Customize application errors with Programmatic Log Errors

Programmatic Errors allow you to customize errors, monitor and troubleshoot issues that should not necessarily interfere with the service. For example, and application trying to remove a user who doesn't exist. These custom errors can be handled by adding just a few lines of additional code to your Lambda handler.


Configuring a Generic Error

Programmatic Errors can be configured from anywhere within your Lambda handler’s code. Below are some examples using the Lumigo tracer integrations.

print("[LUMIGO_LOG] <YOUR MESSAGE>")
console.log("[LUMIGO_LOG] <YOUR_MESSAGE>");
System.out.println("[LUMIGO_LOG] <YOUR_MESSAGE>");

Configuring a Custom Error

To configure custom types of errors, use one of the two options listed below:

import lumigo_tracer
lumigo_tracer.error("a description of the error", "My Custom Type")
const lumigo = require('@lumigo/tracer');
lumigo.error("a description of the error", { type: "My Custom Type" });

Alternatively custom errors can also support language variable outputs:

error = {
    'message': 'a description of the error',
    'type': 'My Custom Type'}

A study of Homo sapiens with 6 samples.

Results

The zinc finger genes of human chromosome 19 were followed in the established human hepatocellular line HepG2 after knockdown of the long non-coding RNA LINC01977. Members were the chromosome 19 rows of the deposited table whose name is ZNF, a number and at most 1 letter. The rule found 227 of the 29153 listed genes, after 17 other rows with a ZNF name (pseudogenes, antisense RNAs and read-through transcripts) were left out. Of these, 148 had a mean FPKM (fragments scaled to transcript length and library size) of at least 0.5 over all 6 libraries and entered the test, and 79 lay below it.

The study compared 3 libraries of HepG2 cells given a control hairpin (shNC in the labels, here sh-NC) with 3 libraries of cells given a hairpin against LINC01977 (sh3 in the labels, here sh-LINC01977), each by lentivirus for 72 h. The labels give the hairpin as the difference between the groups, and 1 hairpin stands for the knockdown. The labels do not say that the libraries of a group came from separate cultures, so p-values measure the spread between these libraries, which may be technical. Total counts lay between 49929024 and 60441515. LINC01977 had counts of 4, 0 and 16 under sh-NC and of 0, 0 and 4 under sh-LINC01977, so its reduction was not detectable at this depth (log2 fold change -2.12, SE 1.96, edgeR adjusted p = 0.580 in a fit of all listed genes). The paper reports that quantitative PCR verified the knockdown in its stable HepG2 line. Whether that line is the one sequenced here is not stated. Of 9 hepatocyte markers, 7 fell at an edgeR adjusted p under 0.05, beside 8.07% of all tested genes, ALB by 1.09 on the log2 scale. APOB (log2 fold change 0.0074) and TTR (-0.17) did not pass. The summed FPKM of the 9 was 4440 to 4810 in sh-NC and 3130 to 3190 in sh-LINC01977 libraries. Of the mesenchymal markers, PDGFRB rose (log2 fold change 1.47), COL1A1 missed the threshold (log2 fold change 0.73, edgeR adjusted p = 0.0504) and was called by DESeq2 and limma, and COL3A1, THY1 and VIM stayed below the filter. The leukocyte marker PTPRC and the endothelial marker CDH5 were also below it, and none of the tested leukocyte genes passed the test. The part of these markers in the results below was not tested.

print("[LUMIGO_LOG]", json.dumps(error))
let error = {
    'message': 'a description of the error',
    'type': 'My Custom Type'
};
console.log(`[LUMIGO_LOG] ${JSON.stringify(error)}`);


If a service behaves in a way that is compliant within its programming model yet does not return the desired response, and does not return an error. This can be handled via the programmatic error reporting approach mentioned above.

From an application perspective, there may be different error types that will be of more importance than others. As such the programmatic approach to error handling can help highlight certain errors over others, and be used as a way to include additional information to debug and monitor the issue.

Examples

A Twilio SMS API discards outgoing SMS requests that contain an empty message body, but does not return an error indication, this can be handled using programmatic errors.


If we look at a 400 response returned from Twilio as part of the example:

{
    "code": 14108,
    "message": "Invalid Phone Number",
    "more_info": "https://www.twilio.com/docs/errors/14108",
    "status": 400
}

Then the code can use that to report Lumigo Programmatic Errors in the following way:

.
.
.
response = twilio_client.messages.create(body=sms.message,
        from_=sms.sender, to=sms.recepient)

if response.status == 400:
    if response.code == 14108:
        lumigo.error(response.message, 'Twilio: Invalid Phone Number')
    elif response.code == 32103:
        lumigo.error(response.message, 'Twilio: Empty SMS Body')
    .
    .
    .
    else:
        lumigo.error(response.message, 'Twilio: Client Error')
.
.
.

Resulting in multiple issues grouped by issue type as defined from our code example above.